On Sunday The Washington Post ran a harrowing story about the “era of endless war” that the United States is settling into—in its politics, its military, its society as a whole.
Today, radical religious ideologies, new technologies and cheap, powerful weapons have catapulted the world into “a period of persistent conflict,” according to the Pentagon’s last major assessment of global security. “No one should harbor the illusion that the developed world can win this conflict in the near future,” the document concludes.
Later on, after a discussion of veteran’s lives and video games, the article turns to what has become of what used to be normal:
“Peace” … has become something of a dirty word in Washington foreign-policy circles. Earlier this year, the House voted to cut all funding for the congressionally funded U.S. Institute of Peace.
Although the money was eventually restored, the institute’s leadership remains convinced that the word “peace” in its name was partially to blame for its woes. The word is too abstract and academic, said Richard Solomon, the institute’s president.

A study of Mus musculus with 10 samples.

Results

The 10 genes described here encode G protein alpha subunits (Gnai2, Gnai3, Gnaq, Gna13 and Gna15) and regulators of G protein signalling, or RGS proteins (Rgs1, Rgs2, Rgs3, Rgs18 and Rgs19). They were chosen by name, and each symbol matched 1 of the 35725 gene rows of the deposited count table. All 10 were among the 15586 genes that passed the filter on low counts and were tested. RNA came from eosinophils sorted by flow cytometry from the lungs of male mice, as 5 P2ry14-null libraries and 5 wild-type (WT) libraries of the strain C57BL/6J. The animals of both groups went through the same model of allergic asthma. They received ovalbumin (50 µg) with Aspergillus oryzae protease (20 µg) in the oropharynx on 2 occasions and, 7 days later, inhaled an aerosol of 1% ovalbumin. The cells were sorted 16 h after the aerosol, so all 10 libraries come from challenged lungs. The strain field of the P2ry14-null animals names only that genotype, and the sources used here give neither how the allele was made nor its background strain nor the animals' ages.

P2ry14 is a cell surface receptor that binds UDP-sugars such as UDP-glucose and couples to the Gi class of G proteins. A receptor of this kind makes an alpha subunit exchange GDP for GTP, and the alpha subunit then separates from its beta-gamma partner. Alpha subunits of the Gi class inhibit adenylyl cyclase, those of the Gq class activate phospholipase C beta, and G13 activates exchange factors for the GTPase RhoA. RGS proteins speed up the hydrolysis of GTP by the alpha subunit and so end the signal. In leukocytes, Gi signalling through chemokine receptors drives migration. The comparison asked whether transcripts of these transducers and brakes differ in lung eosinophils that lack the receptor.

“Peace doesn’t reflect the world we are dealing with,” he said.
The kind of hubris that leads to this perverted view of the world is captured eloquently, of all places, in the video game Modern Warfare 2:
“We are the most powerful force in the history of the world,” an American general bellows at his soldiers. “Every fight is our fight.”
No, actually, it isn’t.
As K-pop fans and Black organizers and artists are demonstrating, joyful, powerful movements draw more people in and reflect the kind of world we want to live in.
If soldiers train for armed combat, why wouldn’t activists train for toppling the political-economic structure that’s killing our chance for a just future? The stakes are just as high.
Uganda’s COVID-19 experience underscores the seemingly universal opportunism of authoritarians amidst crisis, as well as opportunities for resistance.